Senate Majority Leader Mitch McConnell, Sen. Lindsey Graham and other key Republicans have said they favor a shorter trial with no witnesses.
But she qualified her comment to come closer to McConnell's view that decisions about witnesses should wait until after the trial is underway.
"I think it's premature to decide who should be called until we see the evidence that is presented and get the answers to the questions that we senators can submit through the Chief Justice to both sides," she said.
At the same time, when asked about McConnell saying he would be in lockstep with the White House, she said senators from both parties have acted inappropriately in how they've approached a Senate trial.
"It is inappropriate, in my judgment, for senators on either side of the aisle to prejudge the evidence before they have heard what is presented to us, because the each of us will take an oath, an oath that I take very seriously to render impartial justice," Collins said in the interview.
"There are senators on both sides of the aisle, who, to me, are not giving the appearance of and the reality of judging that's in an impartial way," she said.
Collins, who announced Tuesday that she would officially seek reelection in Maine, also weighed in on comments by a fellow moderate Republican -- and another possible impeachment swing vote -- Alaska Sen. Lisa Murkowski. She said last week that she was "disturbed" to hear McConnell say he would work in "total coordination" with the president’s defense team.
In the interview, Collins hearkened back to how she and other senators approached the Clinton impeachment trial in 1999, in which Republican Sen. Trent Lott and Democratic Sen. Tom Daschle reached a consensus on trial rules then adopted unanimously by the Senate.
A civil agreement of that type is unlikely this time around, Collins said, although she has recommend McConnell take similar approach to the Clinton trial.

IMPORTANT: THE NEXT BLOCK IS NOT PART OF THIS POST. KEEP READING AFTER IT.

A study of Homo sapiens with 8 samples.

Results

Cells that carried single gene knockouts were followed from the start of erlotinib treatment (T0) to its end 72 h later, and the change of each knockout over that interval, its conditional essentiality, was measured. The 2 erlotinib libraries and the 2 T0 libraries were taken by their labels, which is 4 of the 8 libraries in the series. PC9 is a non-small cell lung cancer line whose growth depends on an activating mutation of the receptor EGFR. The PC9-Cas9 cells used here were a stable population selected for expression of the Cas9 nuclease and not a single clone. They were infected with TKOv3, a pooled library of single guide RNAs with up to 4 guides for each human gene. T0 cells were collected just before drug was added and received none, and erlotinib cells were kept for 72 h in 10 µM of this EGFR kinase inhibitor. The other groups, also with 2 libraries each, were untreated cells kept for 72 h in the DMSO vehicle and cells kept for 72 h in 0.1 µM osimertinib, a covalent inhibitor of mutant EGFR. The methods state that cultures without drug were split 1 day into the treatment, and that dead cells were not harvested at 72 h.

Senate Minority Leader Chuck Schumer has said "these new revelations are a game-changer" and further make the case for the witnesses Democrats have requested to testify.
"This news story shows all four witnesses that we Senate Democrats have requested -- Mick Mulvaney, John Bolton, Michael Duffy, and Robert Blair were intimately involved and had direct knowledge of President Trump’s decision to cut off aid in order to benefit himself," Schumer said Monday evening, then asked rhetorically. "Will the Senate hold a fair trial or will it enable a cover-up?"
Sen. Doug Jones, D-Ala., who narrowly defeated the GOP candidate, Judge Roy Moore, in a special election last year, shared Schumer's sentiment, questioning whether a majority of his fellow senators will "pursue the truth" in a Washington Post op-ed published Monday.
Despite the vulnerability of his red state seat, Jones also called on the aforementioned four key witnesses to testify.
"I do not know what their answers would be, but I want to hear from them, and so should every senator and every American. We cannot allow the full truth to evade this trial only to be revealed in some future memoir or committee hearing," Jones said. "These questions need to be answered now, not later in Bolton’s upcoming book."
In a tweet on New Year's Eve from his Mar-a-Lago resort, President Trump claimed Democrats are trying to avoid a Senate trial in order to keep former Vice President Joe Biden from having to testify as a witness.
"The Democrats will do anything to avoid a trial in the Senate in order to protect Sleepy Joe Biden, and expose the millions and millions of dollars that "Where’s" Hunter, & possibly Joe, were paid by companies and countries for doing NOTHING. Joe wants no part of this mess!," Trump tweeted Tuesday morning.
The Democrats will do anything to avoid a trial in the Senate in order to protect Sleepy Joe Biden, and expose the millions and millions of dollars that "Where’s" Hunter, & possibly Joe, were paid by companies and countries for doing NOTHING. Joe wants no part of this mess! — Donald J. Trump (@realDonaldTrump) December 31, 2019
Biden himself has been unclear in his position on whether he would comply with a congressional subpoena, at first signaling he might not arguing there was no legitimate basis for one, but then Monday implying that he would comply.
"I will not contribute to the notion that there’s any legitimacy to the notion of calling me as a witness, Biden said during an editorial board meeting with Seacoast Media Group. "If in fact I got a subpoena, we’d deal with it then."